Amid earnings decline, Mohegan authority committed to expanding


Mohegan — Despite reporting dramatic declines in earnings and profit for the quarter that ended June 30, Mohegan Tribal Gaming Authority executives said Tuesday they’ll aggressively continue to pursue out-of-state gaming licenses and expect to break ground by the end of the year on a $110 million hotel at Mohegan Sun.

Prior to a conference call with gaming analysts, the authority announced its net income, or profit, for the quarter was $13.9 million, a 37.7 percent decrease over the same three-month period in fiscal 2013. Adjusted EBITDA — earnings before interest, depreciation, amortization and other payments — was $69.1 million, down 18.7 percent.

The authority, the gaming arm of the Mohegan Tribe, owns and operates Mohegan Sun and Mohegan Sun at Pocono Downs in Wilkes-Barre, Pa. It also includes Mohegan Gaming Advisors, which manages Resorts Casino Hotel in Atlantic City.

Mitchell Etess, the authority’s chief executive officer, called the quarterly results “mixed” and attributed declines in gaming revenues at Mohegan Sun to the state’s sluggish economic recovery and competition.

“We face the same challenges as many of our peers,” he said.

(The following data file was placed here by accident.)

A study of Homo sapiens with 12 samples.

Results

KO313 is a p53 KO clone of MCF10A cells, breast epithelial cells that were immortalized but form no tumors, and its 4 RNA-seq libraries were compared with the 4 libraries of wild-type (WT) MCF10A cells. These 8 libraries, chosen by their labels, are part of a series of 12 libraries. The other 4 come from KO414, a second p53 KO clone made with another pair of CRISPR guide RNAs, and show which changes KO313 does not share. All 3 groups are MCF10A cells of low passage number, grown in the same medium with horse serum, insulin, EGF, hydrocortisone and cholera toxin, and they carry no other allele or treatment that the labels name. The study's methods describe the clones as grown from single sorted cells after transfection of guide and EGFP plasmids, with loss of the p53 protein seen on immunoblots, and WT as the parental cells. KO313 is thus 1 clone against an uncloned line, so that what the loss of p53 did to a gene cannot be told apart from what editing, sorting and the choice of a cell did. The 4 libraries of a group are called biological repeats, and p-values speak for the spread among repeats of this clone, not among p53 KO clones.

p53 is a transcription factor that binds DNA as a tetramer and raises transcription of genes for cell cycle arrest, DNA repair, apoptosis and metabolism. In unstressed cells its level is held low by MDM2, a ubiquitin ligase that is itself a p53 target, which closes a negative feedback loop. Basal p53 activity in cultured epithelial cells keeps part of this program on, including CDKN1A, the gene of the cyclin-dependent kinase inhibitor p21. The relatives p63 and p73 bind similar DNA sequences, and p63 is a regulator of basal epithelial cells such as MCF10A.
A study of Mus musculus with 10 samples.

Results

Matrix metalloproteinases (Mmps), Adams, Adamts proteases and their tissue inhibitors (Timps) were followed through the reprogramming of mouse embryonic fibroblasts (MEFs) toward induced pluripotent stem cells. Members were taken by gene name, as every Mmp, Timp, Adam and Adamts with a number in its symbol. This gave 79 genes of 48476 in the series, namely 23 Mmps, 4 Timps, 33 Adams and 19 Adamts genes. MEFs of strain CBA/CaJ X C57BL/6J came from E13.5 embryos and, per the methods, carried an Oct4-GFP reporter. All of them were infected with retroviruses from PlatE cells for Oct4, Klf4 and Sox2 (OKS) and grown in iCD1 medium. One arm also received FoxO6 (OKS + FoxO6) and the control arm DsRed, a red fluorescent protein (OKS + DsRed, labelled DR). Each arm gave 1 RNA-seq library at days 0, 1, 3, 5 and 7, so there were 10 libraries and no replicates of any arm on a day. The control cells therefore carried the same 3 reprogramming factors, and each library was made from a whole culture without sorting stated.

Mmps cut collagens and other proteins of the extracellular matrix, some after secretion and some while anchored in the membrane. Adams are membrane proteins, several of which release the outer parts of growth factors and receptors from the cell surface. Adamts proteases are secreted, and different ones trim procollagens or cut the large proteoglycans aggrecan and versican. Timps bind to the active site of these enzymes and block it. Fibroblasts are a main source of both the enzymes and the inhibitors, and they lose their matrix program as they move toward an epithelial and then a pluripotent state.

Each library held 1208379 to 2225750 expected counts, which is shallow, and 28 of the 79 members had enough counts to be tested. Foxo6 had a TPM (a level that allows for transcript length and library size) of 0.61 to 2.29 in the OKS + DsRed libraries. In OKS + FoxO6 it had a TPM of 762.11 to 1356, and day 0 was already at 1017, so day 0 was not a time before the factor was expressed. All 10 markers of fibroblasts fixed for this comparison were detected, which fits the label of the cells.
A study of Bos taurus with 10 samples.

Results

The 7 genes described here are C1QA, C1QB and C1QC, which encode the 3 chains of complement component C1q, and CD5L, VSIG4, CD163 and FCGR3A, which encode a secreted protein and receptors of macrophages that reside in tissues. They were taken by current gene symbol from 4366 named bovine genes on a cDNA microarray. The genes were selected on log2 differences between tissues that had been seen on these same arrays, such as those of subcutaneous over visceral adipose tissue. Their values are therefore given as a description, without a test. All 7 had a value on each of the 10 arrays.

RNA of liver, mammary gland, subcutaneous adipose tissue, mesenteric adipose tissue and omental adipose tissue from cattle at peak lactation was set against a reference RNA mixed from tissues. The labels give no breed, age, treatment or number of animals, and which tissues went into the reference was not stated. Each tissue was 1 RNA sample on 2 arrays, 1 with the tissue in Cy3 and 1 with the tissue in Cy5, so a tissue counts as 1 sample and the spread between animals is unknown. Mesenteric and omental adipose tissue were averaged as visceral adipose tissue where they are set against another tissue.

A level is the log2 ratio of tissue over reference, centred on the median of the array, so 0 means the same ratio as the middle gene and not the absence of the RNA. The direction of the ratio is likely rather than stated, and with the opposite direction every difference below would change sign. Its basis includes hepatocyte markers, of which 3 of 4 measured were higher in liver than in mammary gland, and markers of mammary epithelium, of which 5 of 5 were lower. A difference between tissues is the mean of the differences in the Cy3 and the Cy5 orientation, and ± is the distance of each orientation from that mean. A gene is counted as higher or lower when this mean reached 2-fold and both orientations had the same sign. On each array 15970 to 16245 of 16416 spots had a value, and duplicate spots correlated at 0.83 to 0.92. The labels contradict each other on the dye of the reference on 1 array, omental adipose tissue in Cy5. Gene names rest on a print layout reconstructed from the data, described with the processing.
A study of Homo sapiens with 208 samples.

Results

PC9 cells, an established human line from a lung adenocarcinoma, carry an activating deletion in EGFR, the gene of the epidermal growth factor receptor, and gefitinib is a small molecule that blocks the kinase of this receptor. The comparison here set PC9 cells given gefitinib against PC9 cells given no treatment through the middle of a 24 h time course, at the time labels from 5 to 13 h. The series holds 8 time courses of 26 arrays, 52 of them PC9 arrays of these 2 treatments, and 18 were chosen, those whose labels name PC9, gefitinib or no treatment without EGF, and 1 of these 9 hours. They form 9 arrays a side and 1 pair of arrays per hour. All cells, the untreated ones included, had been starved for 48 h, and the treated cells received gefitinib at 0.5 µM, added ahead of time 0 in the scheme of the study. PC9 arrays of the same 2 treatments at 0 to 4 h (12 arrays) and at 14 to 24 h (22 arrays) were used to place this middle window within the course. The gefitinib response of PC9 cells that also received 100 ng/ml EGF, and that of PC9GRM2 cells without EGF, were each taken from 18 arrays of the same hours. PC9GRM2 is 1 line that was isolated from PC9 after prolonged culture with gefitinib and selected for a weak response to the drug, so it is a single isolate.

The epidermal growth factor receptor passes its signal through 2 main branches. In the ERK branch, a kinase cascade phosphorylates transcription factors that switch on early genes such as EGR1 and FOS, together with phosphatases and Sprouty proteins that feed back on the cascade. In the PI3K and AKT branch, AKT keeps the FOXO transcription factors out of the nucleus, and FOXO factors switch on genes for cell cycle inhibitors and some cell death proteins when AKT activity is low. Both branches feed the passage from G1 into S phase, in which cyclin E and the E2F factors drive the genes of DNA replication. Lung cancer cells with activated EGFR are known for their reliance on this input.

Mohegan Sun derives 59 percent of its “gaming trips” from state residents who also provide 53 percent of the casino’s gaming revenue. The casino’s quarterly EBITDA of $63.7 million was down 14.8 percent. Slot revenue, the largest single source of casino revenue, was down 9.1 percent.

At Pocono Downs, adjusted EBITDA was $13 million, a 17.3 percent decline.

The authority’s corporate expenses increased significantly during the quarter, a reflection of costs incurred in pursuing casino projects with partners in Revere, Mass., Philadelphia and New York’s Catskills region.

“If MTGA were to win even one of these licenses, that would go a long way toward helping us achieve our goal of diversifying,” Kevin Brown, the tribe’s chairman, told analysts.

Closer to home, Mohegan Sun is on the verge of finalizing an agreement with a partner to develop a 400-room hotel at the casino, a $110 million project that would require little capital investment by the Mohegans, said Mario Kontomerkos, the authority’s chief financial officer.

“It will be built and financed by a third party and leased back to MTGA,” he said.

Asked about a timetable, Kontomerkos said construction would begin by the end of the year, with the hotel expected to open 18 to 20 months thereafter. The hotel would bear the Mohegan “flag,” he said.

Mohegan Sun already has 1,200 hotel rooms.

Plans to add a $50 million nongaming addition to the casino also are advancing, according to Etess. The so-called “Downtown District” project, featuring space devoted to retail, entertainment and dining, would be owned by the developers.